In 1778, Captain
James Cook arrived at Waimea Bay, the first European known to have reached the Hawaiʻian islands. He named the archipelago after his patron the 6th Earl of Sandwich, George Montagu.
During the reign of
King Kamehameha, the islands of Kauaʻi and Niʻihau were the last Hawaiʻian Islands to join his
ʻi. Their ruler,
ʻi, resisted Kamehameha for years. King Kamehameha twice prepared a huge armada of ships and canoes to take the islands by force, and twice failed; once due to a storm, and once due to an
epidemic. In the face of the threat of a further invasion, however, Kaumualiʻi decided to join the kingdom without bloodshed, and became Kamehameha's vassal in 1810. He ceded the island to the Kingdom of Hawaiʻi upon his death in 1824.
In 1815, a ship from the
Russian-American Company was wrecked on the island. In 1816, an agreement was signed by
Kaumualiʻi to allow the Russians to build
Fort Elizabeth. It was an attempt by Kaumuali’i to gain support from the Russians against
Kamehameha I. Construction was begun in 1817, but in July of that year under mounting resistance of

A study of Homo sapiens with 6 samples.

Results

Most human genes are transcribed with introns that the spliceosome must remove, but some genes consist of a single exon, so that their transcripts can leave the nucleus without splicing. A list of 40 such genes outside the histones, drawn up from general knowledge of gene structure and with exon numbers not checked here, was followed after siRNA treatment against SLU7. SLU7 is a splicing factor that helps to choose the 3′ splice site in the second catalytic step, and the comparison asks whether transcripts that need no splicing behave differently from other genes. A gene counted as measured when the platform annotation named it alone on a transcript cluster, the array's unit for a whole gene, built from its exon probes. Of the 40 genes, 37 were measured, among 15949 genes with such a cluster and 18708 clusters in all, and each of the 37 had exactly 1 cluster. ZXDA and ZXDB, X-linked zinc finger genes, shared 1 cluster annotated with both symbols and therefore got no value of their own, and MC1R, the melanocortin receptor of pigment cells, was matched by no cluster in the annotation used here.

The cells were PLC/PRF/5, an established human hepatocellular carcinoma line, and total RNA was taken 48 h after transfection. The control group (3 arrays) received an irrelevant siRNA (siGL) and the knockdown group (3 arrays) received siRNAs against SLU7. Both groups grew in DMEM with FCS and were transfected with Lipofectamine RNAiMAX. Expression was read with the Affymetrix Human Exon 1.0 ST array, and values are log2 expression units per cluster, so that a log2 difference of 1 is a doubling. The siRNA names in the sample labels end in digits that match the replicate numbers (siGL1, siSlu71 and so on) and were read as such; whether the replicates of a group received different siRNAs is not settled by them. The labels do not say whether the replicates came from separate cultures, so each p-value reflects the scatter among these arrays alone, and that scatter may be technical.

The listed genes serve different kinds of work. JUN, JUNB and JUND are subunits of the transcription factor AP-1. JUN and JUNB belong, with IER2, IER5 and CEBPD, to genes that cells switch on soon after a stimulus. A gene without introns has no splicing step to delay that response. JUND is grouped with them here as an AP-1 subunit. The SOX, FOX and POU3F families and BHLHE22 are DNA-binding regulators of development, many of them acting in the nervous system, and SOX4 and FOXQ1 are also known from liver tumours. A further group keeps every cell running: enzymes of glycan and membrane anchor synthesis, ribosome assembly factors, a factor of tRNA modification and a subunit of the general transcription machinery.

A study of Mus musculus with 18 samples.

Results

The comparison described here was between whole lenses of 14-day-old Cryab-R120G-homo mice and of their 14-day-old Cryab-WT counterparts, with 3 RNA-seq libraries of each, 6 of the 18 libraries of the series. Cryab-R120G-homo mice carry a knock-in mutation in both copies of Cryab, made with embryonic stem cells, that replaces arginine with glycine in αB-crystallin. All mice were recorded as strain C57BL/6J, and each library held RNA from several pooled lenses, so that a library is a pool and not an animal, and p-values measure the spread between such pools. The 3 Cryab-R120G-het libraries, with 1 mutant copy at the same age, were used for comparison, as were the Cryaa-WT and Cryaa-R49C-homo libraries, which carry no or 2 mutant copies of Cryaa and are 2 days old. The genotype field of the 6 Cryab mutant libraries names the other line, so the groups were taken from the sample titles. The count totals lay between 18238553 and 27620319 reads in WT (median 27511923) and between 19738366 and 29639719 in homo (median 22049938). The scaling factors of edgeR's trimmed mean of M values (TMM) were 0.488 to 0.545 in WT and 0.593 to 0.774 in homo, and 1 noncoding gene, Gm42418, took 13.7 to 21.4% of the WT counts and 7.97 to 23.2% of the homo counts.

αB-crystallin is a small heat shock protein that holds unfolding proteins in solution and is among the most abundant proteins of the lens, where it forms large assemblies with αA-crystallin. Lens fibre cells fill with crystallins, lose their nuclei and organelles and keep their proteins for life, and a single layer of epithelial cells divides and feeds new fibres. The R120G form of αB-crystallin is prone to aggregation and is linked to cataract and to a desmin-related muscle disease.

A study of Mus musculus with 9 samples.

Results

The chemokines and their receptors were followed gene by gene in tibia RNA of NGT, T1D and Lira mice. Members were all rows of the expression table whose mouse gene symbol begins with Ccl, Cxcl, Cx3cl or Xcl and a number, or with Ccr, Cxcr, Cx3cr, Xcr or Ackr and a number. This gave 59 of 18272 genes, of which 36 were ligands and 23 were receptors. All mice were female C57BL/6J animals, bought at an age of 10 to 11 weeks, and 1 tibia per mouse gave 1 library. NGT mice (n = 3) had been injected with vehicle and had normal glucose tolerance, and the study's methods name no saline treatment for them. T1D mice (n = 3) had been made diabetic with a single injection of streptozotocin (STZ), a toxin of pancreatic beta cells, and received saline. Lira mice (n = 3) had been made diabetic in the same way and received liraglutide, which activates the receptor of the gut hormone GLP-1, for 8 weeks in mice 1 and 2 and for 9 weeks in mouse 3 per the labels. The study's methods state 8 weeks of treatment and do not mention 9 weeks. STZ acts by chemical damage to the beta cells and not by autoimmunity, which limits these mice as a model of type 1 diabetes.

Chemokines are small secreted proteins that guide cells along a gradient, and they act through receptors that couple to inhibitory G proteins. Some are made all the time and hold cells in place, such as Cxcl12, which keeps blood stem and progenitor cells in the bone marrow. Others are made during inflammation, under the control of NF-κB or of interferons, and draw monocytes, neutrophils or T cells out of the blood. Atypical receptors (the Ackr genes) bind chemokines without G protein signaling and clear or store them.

Native Hawaiians and American traders the Russians were expelled.
Old Sugar Mill of Koloa
In 1835, Old Koloa Town opened a sugar mill.
 From 1906 to 1934 the office of
County Clerk was held by
John Mahiʻai Kāneakua, who had been active in attempts to restore Queen
Liliuokalani to the throne after the United States takeover of Hawaiʻi in 1893.
Etymology and language
Hawaiian narrative locates the name's origin in the legend of
Polynesian navigator credited with discovery of the Hawaiʻian Islands. The story relates how he named the island of Kauaʻi after a favorite son; a possible translation of Kauaʻi is "place around the neck", describing how a father would carry a favorite child. Another possible translation is "food season".
Kauaʻi was known for its distinct dialect of the
Hawaiian language; this survives on
ʻihau. While the standard language today adopts the dialect of
ʻi island, which has the sound [k], the Kauaʻi dialect was known for pronouncing this as [t]. In effect, Kauaʻi dialect retained the old pan-Polynesian /t/, while "standard" Hawaiʻi dialect has changed it to the [k]. Therefore, the native name for Kauaʻi was said as Tauaʻi, and the major settlement of
ʻa would have been pronounced as Tapaʻa.